Is Sheryl Sandberg a viable role model for women?

There was an interesting article this morning in the NYT online edition, The $1.6 Billion Woman, Staying on Message.  The woman in question is Sheryl Sandberg, COO of Facebook and co-chair of the just completed World Economic Forum in Davos.  While in Davos- and in many other venues, Sandberg has been actively encouraging women to take charge of their careers and boldly go where they may not have considered going before.

The article pointed out that, with the majority of Facebook users being women, her advocacy of women makes the company that much more appealing to users.  As the public face of Facebook, she has also made the company more attractive to women as a place to work.  [Interesting to note: she is not on the Board of Directors;  in fact there are no women on the company’s Board].  In other words- it’s a win for women and a win for the company.

Two powerful women CEOs in Silicon Valley, Carly Fiorina and Meg Whitman, did little to support other women.  As someone who has been organizing programs for professional women for years (and who works with others doing similar things), I know that neither Carly nor Meg made themselves available to address local women’s groups.  There were no women’s affinity groups at eBay until after Whitman left. I don’t see much of a change in Whitman since she assumed the role of CEO at HP.   I suspect they just wanted to downplay the fact that they were women.  And yet, they were in a unique position to mentor and inspire future women leaders.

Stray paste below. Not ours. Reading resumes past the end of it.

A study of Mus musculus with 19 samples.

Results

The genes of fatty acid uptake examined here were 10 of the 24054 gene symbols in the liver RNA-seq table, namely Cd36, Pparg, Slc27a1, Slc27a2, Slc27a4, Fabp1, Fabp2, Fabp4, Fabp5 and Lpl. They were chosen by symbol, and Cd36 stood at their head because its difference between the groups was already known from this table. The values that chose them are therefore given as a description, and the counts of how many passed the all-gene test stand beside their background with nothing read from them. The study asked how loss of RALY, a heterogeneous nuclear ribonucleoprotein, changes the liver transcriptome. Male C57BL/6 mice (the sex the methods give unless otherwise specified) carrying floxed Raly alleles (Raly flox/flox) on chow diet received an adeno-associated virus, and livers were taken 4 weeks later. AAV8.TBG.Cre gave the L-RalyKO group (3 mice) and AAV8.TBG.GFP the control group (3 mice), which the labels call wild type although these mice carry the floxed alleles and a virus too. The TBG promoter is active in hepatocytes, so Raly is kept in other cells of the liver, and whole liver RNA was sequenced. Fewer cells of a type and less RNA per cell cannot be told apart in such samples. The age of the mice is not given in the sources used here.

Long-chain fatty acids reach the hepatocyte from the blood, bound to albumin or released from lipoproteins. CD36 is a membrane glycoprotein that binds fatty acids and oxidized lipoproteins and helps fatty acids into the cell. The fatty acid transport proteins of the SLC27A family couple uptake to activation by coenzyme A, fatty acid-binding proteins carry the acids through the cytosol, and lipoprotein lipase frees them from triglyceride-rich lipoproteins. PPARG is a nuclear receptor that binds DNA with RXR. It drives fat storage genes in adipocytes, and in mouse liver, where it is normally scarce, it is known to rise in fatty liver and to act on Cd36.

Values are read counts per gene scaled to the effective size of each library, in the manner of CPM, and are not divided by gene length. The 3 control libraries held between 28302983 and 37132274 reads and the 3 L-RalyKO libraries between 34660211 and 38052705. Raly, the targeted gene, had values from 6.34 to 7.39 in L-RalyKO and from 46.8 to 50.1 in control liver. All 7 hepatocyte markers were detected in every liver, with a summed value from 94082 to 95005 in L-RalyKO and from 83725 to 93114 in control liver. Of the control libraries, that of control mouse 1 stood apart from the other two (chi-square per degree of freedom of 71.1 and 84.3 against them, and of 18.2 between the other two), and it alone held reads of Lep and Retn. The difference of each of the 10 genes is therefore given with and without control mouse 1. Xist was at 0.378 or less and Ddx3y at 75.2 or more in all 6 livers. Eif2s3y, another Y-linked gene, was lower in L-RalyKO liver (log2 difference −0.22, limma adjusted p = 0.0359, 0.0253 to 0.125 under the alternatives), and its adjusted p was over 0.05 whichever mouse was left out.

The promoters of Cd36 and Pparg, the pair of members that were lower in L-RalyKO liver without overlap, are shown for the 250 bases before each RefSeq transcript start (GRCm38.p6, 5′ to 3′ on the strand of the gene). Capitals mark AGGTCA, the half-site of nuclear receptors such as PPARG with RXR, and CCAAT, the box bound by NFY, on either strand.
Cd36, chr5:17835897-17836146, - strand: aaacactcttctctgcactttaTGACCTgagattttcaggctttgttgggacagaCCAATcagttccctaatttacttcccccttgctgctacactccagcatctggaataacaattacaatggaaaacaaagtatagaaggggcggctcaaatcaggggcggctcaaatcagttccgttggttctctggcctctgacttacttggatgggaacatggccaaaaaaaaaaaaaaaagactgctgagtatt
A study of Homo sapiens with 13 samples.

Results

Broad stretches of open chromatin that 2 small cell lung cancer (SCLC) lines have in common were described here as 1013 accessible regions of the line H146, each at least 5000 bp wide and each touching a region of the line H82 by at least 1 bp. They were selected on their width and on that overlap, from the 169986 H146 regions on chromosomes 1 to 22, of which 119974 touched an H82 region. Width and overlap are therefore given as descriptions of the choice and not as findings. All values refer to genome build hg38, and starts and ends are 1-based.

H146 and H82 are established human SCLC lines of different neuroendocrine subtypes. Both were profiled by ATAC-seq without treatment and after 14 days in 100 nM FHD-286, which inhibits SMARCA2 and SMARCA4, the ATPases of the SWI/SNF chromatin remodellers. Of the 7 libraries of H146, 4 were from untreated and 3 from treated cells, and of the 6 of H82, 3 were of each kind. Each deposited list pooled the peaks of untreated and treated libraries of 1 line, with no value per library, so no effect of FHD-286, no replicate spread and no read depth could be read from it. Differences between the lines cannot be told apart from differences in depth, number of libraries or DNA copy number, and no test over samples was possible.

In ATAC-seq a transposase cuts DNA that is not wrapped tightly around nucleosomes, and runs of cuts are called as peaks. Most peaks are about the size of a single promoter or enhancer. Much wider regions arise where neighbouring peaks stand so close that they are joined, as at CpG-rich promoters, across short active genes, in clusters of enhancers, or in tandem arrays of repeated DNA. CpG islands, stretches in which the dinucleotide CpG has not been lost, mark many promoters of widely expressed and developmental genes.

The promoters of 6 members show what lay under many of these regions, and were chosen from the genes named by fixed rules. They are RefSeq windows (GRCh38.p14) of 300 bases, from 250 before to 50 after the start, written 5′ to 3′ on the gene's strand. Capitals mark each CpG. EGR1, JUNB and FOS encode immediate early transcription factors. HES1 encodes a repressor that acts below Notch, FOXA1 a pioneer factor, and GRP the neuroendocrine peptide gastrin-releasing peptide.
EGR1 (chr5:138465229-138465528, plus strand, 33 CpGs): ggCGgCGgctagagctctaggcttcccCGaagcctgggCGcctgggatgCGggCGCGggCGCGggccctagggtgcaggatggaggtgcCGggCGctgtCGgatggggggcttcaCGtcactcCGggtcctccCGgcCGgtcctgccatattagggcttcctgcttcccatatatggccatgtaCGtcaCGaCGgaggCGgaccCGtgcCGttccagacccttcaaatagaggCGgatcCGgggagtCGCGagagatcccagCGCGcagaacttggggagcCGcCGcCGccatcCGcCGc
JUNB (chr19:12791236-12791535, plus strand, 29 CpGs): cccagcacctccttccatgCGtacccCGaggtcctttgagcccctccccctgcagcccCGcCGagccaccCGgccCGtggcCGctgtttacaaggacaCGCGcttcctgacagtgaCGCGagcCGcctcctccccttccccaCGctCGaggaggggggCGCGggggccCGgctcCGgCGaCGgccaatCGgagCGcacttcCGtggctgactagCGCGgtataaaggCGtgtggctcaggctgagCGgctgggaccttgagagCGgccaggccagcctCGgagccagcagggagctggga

In her talks, Sandberg tells women that they must push for opportunities and take risks to succeed. In her way of thinking, women do not have to choose between work and family;  they can do both.  Her tone is one of- don’t complain, go out and do it. The fact that she is so visible gives her a unique platform in which to make that case.

She has been criticized for being insensitive to the challenges faced by most working women who don’t have her brain-power, education credentials, and financial resources.   Is her message a little too simple?  Yes.  Are there complicating factors being overlooked?  Yes.  Can every woman do what she’s done?  No.  She’s not perfect- the message is not perfect.  Still, I applaud her for helping women focus on what they CAN do to advance their careers rather than bemoaning everything that stands in their way.